UC Science Radio Season 2: Episode 1
Dr Sriparna Saha: Culture, science and storytelling
What do a bicultural virtual field trip, choose-your-own digital volcano adventure and Magma Pop smart phone game all have in common?
They’re three innovative ways to bring scientific research to a general audience. Geoeducation PhD student Dr Sriparna Saha’s research investigates how digital communication tools can make scientific information more accessible and engaging – and ultimately more useful for us all.
In this episode
00:47 Geoeducation, basically, is about how we can teach geology better.
01:05 My research focuses on the idea of how we can make science, and more specifically geology, more accessible to students across all age groups.
01:33 I'm looking at the use of digital storytelling to improve people's understanding of the risks and hazards that are related to volcanic eruptions and unrest.
04:12 Aotearoa has a Māori foundation, right? It's also understanding those perspectives, trying to understand those stories.
04:21 When we go out into the community and share this tool, people can see that it is acknowledging their voices, it's not just us coming forward and saying this is what you should do.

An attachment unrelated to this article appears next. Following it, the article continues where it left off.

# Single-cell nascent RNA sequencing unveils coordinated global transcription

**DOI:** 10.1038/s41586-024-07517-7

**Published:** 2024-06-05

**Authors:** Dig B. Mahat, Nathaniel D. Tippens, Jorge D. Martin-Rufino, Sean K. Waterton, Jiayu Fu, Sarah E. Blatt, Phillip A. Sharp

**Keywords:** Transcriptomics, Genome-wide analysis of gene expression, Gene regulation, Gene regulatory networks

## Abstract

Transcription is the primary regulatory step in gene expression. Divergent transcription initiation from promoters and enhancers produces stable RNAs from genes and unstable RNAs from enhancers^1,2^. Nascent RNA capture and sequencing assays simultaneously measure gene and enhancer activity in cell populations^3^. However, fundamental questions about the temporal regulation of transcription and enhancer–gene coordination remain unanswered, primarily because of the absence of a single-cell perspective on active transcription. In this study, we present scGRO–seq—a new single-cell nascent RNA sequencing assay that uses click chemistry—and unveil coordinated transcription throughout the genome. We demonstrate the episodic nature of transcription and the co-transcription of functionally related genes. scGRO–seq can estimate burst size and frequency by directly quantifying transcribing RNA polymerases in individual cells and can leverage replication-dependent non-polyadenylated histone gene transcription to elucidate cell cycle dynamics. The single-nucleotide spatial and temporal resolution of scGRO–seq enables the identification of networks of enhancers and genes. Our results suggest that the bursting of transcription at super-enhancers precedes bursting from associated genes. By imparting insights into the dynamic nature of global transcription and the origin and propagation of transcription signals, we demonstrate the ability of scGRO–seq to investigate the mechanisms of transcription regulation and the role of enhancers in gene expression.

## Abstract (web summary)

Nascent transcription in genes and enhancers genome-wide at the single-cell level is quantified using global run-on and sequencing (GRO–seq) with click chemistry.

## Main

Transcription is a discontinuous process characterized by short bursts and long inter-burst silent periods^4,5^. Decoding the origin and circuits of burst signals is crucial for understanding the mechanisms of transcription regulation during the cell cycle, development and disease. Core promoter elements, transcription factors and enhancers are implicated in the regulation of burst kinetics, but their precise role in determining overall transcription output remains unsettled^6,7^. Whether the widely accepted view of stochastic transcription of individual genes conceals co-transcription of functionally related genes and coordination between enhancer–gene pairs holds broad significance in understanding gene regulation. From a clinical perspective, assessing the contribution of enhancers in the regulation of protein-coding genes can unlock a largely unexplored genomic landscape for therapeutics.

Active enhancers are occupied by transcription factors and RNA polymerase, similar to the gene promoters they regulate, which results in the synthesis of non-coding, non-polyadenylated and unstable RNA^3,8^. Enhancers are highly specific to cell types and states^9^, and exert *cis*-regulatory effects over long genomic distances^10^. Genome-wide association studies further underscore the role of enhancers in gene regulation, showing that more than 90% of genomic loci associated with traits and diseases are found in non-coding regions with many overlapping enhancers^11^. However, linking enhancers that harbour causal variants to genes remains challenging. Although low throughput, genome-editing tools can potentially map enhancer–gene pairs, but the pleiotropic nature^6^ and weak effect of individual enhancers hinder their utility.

04:40 That is the way not only to ensure authentic engagement, but also active participation from people.
09:28 I think the path I have taken is not very conventional.
11:04 Every day I'm amazed myself about how am I so excited about what I'm doing. But that’s what it is, if you are truly passionate about what you do, even if it's difficult, you'll just enjoy it.
Read a transcript of the full interview.
Meet our speakers
PhD student Dr Sriparna Saha has found her passion in studying GeoEducation. She chose to go into science communication as a way to combine her love of science, research and academia with other interests like storytelling, creative writing and art. This all-rounder is learning more every day as she contributes her own pool of knowledge to a growing field.
“Every day I'm amazed at how excited I am by what I'm doing. If you’re truly passionate about what you do, even if it's difficult, you'll enjoy it.”
Molly Magid is an MSc student at UC. A recent graduate of Brown University, Molly is working on research in conservation genomics with Associate Professor Tammy Steeves from the School of Biological Sciences. Molly is passionate about finding ways to communicate science to the public in a clear, novel, and engaging ways. Most recently, Molly worked as the lead student producer on the podcast Possibly, which answers listener's questions about sustainability using relevant science research.